Ethics and the User Experience – More Common Ethical Conundrums
We’ve been examining ethics in the context of UX over the last week or so and today, we’re going to look at a few more typical ethical conundrums and what might be done about them. If you’ve missed any of the series; all of it can be found under the UX Daily Tab on our website.
This probably sounds rather more gentle than it is. The concept of ethical numbing relates to the idea that if our ethical concerns are ignored or supressed on a repeated basis over time; we eventually lose sensitivity to ethics.
Unfortunately, ethical numbing tends to take place in workplaces that are ethically devoid. Where commercial concerns always dominate the agenda and where every unethical action can somehow be justified by those with authority. There’s not a lot the UX designer can do about this ethical conundrum but we’d recommend that they begin by looking for another job with a stronger ethical environment.
You don’t have to work in this kind of environment, unless you choose to do so. In which case, this series probably hasn’t been much use to you.
Hopes and Fears
We can persuaded to put our ethical considerations to one side if we hope that the outcome will justify the means or if we fear that failure to attain the outcome will have negative consequences for ourselves.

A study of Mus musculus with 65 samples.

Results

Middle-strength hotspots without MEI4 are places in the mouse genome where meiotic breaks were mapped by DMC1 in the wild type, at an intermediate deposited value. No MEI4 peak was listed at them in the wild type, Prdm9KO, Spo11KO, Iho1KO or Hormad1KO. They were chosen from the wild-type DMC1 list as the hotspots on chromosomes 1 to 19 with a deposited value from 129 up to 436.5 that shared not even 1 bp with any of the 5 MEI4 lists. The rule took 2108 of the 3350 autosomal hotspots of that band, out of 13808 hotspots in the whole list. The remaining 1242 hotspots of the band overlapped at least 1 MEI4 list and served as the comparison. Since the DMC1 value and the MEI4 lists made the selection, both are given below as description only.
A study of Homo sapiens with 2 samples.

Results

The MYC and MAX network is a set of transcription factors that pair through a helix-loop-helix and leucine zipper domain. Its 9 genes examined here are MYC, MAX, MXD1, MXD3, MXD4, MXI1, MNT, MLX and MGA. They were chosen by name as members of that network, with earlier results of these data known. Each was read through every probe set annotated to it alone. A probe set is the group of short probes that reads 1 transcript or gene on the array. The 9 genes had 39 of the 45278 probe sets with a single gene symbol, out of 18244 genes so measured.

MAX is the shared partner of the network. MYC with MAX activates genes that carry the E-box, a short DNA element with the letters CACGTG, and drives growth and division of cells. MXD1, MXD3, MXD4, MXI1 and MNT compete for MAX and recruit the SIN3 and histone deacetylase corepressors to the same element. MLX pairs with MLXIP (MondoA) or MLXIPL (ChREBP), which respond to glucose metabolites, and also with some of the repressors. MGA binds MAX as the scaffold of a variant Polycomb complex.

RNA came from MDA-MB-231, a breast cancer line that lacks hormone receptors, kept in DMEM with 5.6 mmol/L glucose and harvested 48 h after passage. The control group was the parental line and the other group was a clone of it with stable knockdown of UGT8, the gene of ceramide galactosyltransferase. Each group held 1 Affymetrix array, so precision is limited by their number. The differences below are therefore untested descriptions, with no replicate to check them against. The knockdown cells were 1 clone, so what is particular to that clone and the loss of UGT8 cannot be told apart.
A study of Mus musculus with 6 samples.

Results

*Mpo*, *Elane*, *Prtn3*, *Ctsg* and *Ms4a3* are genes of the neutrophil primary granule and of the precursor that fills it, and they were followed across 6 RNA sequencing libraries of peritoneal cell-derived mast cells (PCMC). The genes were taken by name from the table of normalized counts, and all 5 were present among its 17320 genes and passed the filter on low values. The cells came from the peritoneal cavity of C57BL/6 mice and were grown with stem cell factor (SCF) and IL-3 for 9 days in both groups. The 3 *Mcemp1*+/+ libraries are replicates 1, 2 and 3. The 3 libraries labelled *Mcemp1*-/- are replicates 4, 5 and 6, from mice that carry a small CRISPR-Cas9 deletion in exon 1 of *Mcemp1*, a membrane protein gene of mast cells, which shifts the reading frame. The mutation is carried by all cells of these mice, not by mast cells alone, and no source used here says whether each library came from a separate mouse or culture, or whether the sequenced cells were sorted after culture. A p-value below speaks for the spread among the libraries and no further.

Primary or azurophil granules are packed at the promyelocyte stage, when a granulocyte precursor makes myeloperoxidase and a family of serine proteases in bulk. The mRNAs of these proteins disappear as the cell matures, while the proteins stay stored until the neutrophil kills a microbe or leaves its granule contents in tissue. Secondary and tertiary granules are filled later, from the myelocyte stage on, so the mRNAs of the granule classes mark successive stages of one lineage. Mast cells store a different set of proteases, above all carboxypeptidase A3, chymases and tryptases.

For example, you know that to do some user research properly you need to spend some time preparing the users, developing adequate research methodologies, recruiting for those tests and then conducting them and finally taking the time to analyse the results. You also know that to do this properly you’re going to need a month to deliver the research in full.
Your boss then tells you that if the research isn’t delivered within 2 weeks; they’re going to be looking for a more competent UX researcher to take your place. The fear of losing our job is a strong fear. If we know we can’t do the job properly in 2 weeks but that if we don’t do it – we’ll lose our own job…. then we are much more likely to cut corners and to deliver what people want to see (even if it’s not very robust).
The Desired Outcome
We tend to believe we always act ethically, yet when the chips are down we can neglect our ethical concerns in favour of achieving a specific objective. We may not even rationalize that we’re doing this. It’s common for sales people to find themselves close to a sale and to sacrifice the truth about delivery dates or post-sale service in order to win the business.
They don’t do this because they’re intrinsically bad people, they do it because they’re human and sometimes the desire to achieve something simply overrides our better impulses.